The singer, Aretha Franklin, did not leave a will behind as a guide to distribute her estate assets. The singer's $80 million estate, which will probably be divided among her four sons will need to be probated according to intestate laws of her home state of Michigan. Her four sons have already filed the appropriate legal paperwork to lay claim to their late mother's estate.

Here's how the distribution of an estate happens when an individual passes away without a last will and testament:

Intestate laws govern the distribution

Every state has intestate laws that govern the fair distribution of a decedent's estate when someone dies without a will, which is also referred to as "dying intestate." The probate court will supervise and make various decisions for the division, liquidation and/or distribution of various assets in accordance with the law.

However, these rules could be subject to different interpretations. When numerous potential heirs and beneficiaries step forward following someone dying intestate, it could result in legal battles and lengthy court proceedings if different potential heirs try to pursue as much money as possible.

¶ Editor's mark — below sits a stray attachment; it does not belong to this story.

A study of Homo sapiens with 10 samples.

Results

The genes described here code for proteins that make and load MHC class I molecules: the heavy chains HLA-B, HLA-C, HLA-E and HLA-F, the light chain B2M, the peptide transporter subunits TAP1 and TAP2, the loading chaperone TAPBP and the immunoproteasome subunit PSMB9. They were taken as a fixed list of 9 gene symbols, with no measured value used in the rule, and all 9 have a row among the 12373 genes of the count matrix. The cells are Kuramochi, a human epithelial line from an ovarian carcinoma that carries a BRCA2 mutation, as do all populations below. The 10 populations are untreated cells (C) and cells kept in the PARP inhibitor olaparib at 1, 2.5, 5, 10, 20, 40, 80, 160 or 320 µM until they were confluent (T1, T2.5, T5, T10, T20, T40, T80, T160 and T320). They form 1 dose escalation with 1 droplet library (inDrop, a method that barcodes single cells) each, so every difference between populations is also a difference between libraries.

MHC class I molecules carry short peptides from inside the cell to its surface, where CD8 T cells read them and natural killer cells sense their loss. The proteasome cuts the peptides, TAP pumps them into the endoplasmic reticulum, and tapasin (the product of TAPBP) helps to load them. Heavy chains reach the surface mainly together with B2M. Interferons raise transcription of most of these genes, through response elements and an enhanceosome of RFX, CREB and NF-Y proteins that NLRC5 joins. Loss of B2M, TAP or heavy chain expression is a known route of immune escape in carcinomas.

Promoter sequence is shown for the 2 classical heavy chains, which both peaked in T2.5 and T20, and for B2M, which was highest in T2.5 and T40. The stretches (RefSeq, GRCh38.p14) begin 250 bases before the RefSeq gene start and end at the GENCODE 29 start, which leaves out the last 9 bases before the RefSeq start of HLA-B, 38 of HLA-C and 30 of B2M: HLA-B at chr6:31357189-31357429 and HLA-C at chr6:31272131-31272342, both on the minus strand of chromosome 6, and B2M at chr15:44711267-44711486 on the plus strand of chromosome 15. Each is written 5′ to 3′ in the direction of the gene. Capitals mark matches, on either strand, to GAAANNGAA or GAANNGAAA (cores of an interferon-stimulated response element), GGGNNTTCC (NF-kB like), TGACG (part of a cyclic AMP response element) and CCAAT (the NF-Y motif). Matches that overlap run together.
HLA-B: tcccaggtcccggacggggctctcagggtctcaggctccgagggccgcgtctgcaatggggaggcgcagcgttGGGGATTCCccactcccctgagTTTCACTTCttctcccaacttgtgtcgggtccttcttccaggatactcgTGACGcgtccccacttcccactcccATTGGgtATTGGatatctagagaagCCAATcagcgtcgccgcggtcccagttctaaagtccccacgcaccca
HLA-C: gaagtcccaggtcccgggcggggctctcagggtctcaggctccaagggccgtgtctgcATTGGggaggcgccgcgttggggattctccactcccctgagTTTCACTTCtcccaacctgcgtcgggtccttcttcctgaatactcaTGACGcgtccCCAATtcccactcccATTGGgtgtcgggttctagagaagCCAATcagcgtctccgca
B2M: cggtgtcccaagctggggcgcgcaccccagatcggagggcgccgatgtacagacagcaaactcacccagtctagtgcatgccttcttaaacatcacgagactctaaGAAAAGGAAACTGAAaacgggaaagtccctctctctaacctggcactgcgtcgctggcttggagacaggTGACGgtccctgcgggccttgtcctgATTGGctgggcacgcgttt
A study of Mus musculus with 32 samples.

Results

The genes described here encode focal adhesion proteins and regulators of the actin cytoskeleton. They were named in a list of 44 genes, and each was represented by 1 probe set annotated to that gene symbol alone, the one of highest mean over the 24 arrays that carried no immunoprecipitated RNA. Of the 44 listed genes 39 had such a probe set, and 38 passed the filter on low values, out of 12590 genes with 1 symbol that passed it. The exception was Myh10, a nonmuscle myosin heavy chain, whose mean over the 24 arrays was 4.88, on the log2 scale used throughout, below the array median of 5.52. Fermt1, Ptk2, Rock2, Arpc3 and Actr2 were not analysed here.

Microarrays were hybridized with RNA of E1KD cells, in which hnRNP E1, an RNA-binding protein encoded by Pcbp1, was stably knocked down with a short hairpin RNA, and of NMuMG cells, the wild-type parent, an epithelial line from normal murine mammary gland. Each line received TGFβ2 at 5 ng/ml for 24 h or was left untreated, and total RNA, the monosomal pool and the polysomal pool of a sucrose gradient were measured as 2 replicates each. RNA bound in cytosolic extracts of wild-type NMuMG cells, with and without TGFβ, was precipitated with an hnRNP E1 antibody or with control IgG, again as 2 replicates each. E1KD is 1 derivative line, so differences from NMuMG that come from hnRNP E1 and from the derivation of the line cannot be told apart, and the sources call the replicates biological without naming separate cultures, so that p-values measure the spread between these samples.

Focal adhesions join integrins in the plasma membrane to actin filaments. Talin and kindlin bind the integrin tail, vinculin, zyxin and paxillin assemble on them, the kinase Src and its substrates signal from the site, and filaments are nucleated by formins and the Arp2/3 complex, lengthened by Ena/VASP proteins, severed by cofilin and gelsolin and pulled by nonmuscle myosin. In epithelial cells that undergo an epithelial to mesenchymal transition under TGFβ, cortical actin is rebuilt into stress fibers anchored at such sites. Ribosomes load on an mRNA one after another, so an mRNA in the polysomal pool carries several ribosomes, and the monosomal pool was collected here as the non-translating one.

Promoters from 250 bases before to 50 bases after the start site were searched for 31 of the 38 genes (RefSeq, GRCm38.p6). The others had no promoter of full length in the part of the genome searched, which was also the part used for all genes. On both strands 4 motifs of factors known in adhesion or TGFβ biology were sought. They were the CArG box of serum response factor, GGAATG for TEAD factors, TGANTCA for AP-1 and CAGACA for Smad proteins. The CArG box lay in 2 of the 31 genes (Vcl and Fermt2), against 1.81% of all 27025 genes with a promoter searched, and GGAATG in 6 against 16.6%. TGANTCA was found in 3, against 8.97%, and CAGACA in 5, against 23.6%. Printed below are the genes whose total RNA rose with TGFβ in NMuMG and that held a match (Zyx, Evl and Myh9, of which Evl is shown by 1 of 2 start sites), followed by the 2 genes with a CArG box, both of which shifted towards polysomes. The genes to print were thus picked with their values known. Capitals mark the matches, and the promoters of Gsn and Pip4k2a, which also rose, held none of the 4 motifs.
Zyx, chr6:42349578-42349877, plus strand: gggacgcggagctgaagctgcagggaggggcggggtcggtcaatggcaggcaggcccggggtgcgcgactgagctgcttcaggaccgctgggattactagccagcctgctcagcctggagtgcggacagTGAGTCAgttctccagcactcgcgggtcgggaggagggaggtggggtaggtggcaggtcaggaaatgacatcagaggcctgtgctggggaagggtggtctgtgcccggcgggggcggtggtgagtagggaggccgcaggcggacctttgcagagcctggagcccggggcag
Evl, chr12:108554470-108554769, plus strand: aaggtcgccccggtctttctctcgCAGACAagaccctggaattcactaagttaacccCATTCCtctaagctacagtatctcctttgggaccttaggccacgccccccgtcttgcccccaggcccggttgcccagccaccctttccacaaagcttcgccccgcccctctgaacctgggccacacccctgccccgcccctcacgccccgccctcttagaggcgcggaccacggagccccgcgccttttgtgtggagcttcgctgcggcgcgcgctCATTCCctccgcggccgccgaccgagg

The state decides who will serve as guardian of minor children

When parents die without a will, their minor children will be parentless and there will not be a formal record of who shall serve as their guardian. As such, the matter will be left up to the state to determine who shall care for the children. These situations can also result in various family disagreements.

Hopefully, in the case of Aretha Franklin's estate, and for the sake of her children, the probate process will be peaceful and free of conflict. However, if she had created a trust and/or will, her family would have a much easier time with the process of dividing and distributing Franklin's assets. If you have yet to finalize your estate plan, don't hesitate to begin immediately before you run out of time.